Harvey Gulf International Marine announced yesterday that it has signed four non-cancelable, long term contracts for stacked vessels and is taking delivery of two new vessels, as well as redelivery of a vessel reconfigured for subsea services.
The New orleans-based offshore service vessel operator announced the signing of long-term contracts for the multipurpose service vessel (MPSV) Harvey Intervention, 175' fast service vessel (FSV) Harvey Hustler, 180' FSV Harvey Runner and 220' FSV Harvey Express. These charters follow Harvey Gulf’s recent agreement with Delta Subsea to outfit the previously stacked Harvey Steeler to provide ROV and survey services.
The Harvey Intervention was redelivered in April with increased accommodations for 75 persons and a new National Oilwell Varco 165 MT active heave compensation ultradeepwater knuckle-boom crane. This crane gives the Intervention 180' of hook height, more than any other U.S.- or foreign-flagged MPSV crane vessel of its size, and capability of lowering sub-sea equipment to 3,600 meters, company officials said.
Last week, Harvey Gulf took delivery of the 310' OSV Harvey Freedom, its fourth LNG OSV, which joined its sister vessels under five-year charter signed with Shell Oil in May 2016. The next day, Harvey took delivery of the 340'-class MPSV Harvey Sub-Sea. The Harvey Sub-Sea has a NOV 250 MT AHC knuckle-boom crane with 4,000 meters of wire, all of which are stored below deck, increasing the working deck load parameters. The Sub-Sea sleeps 150 people in 87 one and two man rooms with a state-of-the-art client suite. The moon pool measures 24'x24' with strengthening around the perimeter, enabling lowering equipment to be fitted in the area. The Jones Act vessel is fitted with a 1" thick steel deck with a rating of 10 metric tons per square meter and cofferdams below that allow for efficient welding and cargo securing. (A full report on the Harvey Sub-Sea will appear in the July issue of WorkBoat.)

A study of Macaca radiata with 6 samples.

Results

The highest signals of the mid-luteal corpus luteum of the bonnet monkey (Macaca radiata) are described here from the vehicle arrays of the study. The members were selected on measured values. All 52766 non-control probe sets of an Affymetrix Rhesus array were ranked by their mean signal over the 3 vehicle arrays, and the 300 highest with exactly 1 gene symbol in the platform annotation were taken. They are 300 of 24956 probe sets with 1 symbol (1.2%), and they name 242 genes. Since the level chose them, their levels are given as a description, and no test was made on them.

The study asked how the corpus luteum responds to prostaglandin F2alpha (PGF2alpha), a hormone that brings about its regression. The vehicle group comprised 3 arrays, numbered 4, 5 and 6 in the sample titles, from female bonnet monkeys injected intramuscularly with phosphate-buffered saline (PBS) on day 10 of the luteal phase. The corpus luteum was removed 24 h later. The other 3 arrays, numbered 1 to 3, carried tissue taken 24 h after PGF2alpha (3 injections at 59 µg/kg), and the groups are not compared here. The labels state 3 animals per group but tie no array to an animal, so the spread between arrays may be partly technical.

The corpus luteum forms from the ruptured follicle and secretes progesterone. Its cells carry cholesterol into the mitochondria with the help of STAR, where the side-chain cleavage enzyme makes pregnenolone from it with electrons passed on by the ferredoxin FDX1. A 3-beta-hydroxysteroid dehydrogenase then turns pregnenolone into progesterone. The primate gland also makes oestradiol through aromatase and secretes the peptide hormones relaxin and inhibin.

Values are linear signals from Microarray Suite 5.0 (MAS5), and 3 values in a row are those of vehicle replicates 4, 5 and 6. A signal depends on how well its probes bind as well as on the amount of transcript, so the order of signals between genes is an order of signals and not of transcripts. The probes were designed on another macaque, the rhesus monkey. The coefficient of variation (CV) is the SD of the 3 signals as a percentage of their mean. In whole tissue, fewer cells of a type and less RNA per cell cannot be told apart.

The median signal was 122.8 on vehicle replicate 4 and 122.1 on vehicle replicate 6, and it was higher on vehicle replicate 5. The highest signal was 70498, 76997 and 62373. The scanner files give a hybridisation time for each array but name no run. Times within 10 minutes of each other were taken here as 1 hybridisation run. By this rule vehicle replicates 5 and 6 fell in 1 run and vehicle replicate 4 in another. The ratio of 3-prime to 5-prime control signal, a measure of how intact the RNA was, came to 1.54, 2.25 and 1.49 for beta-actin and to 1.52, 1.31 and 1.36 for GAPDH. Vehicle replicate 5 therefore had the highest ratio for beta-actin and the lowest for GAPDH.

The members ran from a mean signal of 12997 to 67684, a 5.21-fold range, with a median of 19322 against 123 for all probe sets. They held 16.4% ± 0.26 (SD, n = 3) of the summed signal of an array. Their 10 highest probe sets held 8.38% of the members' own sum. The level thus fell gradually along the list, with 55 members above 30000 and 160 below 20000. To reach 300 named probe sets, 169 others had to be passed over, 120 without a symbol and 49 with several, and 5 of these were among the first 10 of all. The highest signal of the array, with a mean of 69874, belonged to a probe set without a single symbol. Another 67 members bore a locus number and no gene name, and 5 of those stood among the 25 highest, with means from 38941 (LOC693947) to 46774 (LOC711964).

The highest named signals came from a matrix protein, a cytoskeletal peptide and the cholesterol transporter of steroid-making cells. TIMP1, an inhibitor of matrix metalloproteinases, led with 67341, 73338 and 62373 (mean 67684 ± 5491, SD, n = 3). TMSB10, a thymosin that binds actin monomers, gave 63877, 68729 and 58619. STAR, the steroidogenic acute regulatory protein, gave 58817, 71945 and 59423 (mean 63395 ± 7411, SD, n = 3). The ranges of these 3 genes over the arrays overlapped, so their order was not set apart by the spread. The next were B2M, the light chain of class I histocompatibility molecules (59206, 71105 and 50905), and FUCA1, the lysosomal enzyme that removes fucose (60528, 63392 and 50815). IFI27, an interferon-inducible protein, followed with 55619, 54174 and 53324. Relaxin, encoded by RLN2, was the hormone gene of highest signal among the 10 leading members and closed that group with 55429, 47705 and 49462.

This announcement comes on the heals of the report earlier this week that GulfMark Offshore Inc. will restructure through a voluntary Chapter 11 bankruptcy filing. The Houston-based OSV operator said the restructuring would strengthen the company’s competitive and financial position.
That announcement came less than a week after Tidewater Inc. signed a restructuring support agreement (RSA) with certain lenders. Today, the New Orleans-based OSV operator filed Chapter 11 bankruptcy.
Harvey Gulf CEO Shane Guidry discussed his company’s resilience in a prepared statement. “We are very thankful during this downturn that our clients still demand safety, operational excellence, and the newest technology, all of which only Harvey Gulf can deliver," he said. "We've worked 1,363 days without a recordable incident and met our goal zero for the last 3.75 years. We have also achieved a 99.2 percent uptime utilization on contract, limiting mechanical downtime to .08 percent. No other company in our industry performs like we do at Harvey. My executive team and I are involved in every aspect of our business, day and night, and the numbers show it.”